With less than 24-hours to go until polling stations open, UK bookmakers have shortened the odds on a Conservative Party UK 2017 General Election ‘majority victory’.
This morning Paddy Power Politics, detailed that it had cut its ‘Tory Majority’ price from 1/4 to 2/9. Furthermore, the bookmaker has drifted Labour leader Jeremy Corbyn’s chances of becoming PM to 4/1, having peaked at 11/4 following the live TV debate on 31 May.
Coming into the final day of campaigning, Paddy Power informs that ‘the Conservatives have re-asserted their dominance, with more than 70% of Paddy Power’s total turnover coming for the Tories.
Company spokesperson Paddy Power said: “Labour have done the unthinkable in recent weeks and made this almost a two-horse race. I say almost, because Jeremy Corbyn’s chances are still a fairly distant 4/1. Not that Jeremy knows – it’ll take him a few hours to find that figure on his iPad.”
Betfair Politics agrees with Paddy Power, shorting the Conservative Party to 1/11 to win most seats. The bookmaker has highlighted a ‘75-99 seat advantage’ with the Tories 5/1 favourite in its ‘Size of Conservative Majority’ market.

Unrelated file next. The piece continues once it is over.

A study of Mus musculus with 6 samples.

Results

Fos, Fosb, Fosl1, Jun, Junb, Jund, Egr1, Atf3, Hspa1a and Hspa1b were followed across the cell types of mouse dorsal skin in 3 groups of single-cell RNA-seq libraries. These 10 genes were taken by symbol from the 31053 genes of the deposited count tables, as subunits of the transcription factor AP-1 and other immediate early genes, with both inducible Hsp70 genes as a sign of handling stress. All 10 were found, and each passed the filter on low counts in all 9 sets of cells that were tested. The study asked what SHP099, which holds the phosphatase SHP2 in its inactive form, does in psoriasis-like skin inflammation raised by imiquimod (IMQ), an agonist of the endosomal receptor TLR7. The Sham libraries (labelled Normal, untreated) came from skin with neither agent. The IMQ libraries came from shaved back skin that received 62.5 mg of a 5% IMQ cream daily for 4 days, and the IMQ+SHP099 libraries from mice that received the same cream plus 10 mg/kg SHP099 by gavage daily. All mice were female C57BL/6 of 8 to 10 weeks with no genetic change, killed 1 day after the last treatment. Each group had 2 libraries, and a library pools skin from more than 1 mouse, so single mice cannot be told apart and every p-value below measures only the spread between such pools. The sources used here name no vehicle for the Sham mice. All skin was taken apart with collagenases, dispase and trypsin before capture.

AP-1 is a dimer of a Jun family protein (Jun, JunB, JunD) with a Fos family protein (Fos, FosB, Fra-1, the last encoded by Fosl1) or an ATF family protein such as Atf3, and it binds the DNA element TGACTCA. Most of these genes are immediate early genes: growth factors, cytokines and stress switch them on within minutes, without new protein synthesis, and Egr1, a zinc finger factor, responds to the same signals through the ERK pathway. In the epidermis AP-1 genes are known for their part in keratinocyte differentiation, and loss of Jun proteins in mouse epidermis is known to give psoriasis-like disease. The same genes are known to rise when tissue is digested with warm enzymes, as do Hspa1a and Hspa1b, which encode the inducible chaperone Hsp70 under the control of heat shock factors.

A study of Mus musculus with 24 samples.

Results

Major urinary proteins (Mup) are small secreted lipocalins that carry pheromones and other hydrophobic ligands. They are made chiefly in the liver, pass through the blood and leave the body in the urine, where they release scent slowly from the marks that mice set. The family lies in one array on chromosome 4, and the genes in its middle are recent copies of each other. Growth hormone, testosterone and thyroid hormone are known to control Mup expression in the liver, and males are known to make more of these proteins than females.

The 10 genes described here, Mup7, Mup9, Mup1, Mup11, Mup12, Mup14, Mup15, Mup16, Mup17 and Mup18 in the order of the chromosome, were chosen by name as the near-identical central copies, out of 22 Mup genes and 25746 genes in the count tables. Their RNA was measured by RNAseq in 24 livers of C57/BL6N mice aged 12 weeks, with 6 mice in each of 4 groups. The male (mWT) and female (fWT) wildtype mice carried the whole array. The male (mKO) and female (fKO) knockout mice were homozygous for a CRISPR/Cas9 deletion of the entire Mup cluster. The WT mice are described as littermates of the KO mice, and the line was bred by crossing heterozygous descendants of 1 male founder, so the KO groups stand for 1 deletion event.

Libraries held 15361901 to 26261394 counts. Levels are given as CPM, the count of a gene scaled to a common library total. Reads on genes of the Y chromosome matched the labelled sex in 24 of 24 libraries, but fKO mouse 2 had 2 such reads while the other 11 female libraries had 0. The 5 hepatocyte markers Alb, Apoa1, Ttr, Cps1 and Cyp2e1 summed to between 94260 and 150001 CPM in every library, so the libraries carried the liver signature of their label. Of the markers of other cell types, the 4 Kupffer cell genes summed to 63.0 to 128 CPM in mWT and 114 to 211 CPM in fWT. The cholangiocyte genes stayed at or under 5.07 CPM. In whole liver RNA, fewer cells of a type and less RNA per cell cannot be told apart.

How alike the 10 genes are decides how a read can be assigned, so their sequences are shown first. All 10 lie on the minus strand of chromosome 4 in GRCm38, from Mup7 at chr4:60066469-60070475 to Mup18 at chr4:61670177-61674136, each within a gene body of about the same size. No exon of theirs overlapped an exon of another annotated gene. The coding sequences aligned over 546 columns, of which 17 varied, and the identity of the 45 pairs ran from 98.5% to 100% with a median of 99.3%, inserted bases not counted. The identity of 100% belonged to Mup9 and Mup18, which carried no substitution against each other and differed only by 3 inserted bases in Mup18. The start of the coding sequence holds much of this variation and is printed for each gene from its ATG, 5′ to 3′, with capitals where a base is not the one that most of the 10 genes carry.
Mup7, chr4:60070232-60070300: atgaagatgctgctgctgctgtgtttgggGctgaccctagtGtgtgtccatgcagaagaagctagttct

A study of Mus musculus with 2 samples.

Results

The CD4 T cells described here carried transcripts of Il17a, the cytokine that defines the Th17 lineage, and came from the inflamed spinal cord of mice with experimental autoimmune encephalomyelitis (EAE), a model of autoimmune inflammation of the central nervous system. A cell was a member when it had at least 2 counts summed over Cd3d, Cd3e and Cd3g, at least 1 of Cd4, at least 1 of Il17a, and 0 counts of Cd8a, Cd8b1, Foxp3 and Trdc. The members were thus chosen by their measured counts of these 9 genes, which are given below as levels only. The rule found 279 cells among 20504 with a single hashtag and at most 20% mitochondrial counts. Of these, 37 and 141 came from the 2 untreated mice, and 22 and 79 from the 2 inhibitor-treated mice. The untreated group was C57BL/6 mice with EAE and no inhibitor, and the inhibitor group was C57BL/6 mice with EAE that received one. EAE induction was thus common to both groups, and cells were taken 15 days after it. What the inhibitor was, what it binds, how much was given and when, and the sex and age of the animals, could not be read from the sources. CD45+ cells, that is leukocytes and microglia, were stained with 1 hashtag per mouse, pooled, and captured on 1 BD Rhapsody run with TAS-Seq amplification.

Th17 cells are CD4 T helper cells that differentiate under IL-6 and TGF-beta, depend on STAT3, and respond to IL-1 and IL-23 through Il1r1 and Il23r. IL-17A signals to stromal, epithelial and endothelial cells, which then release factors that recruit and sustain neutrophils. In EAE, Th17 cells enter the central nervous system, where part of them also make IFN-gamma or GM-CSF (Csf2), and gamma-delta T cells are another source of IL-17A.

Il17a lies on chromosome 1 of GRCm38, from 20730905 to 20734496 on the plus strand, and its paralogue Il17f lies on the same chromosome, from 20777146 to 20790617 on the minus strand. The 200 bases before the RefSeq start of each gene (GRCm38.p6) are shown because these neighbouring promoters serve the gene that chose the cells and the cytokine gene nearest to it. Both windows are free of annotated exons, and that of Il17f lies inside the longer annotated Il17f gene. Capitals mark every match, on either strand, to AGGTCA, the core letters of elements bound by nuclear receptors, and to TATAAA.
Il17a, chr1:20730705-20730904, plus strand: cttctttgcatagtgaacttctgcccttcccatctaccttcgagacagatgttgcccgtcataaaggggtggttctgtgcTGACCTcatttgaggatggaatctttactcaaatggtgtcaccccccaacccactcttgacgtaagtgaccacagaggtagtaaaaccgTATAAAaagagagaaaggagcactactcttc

At present, Betfair reports that it has recorded £40 million wagered across all of its UK 2017 markets, with the bookmaker estimating that the figure will likely reach + £60 million by ‘result time’.
The target figure would see UK 2017 become the third biggest political betting event in Betfair’s history, behind 2016 US Presidential Election (£250 million) and Brexit (£127 million).
Betfair Spokesperson, Katie Baylis said: “We have seen a slight move towards the Tories on our main markets in the last 24 hours, with their odds now shortening slightly to 1/11 to win Most Seats and 2/9 for an Overall Majority. However, 60% of bets on the Most Seats market have been for Labour, showing there is still plenty of appetite to back them at their current odds.”
“In recent political events like the US Election and Brexit we saw vast amounts of money bet in the final few days, despite the fact that both Remain and Hilary Clinton were heavy odds-on favourites. Punters were no doubt encouraged by the closeness indicated by the polls and the uncertainty around the result right down to the wire.”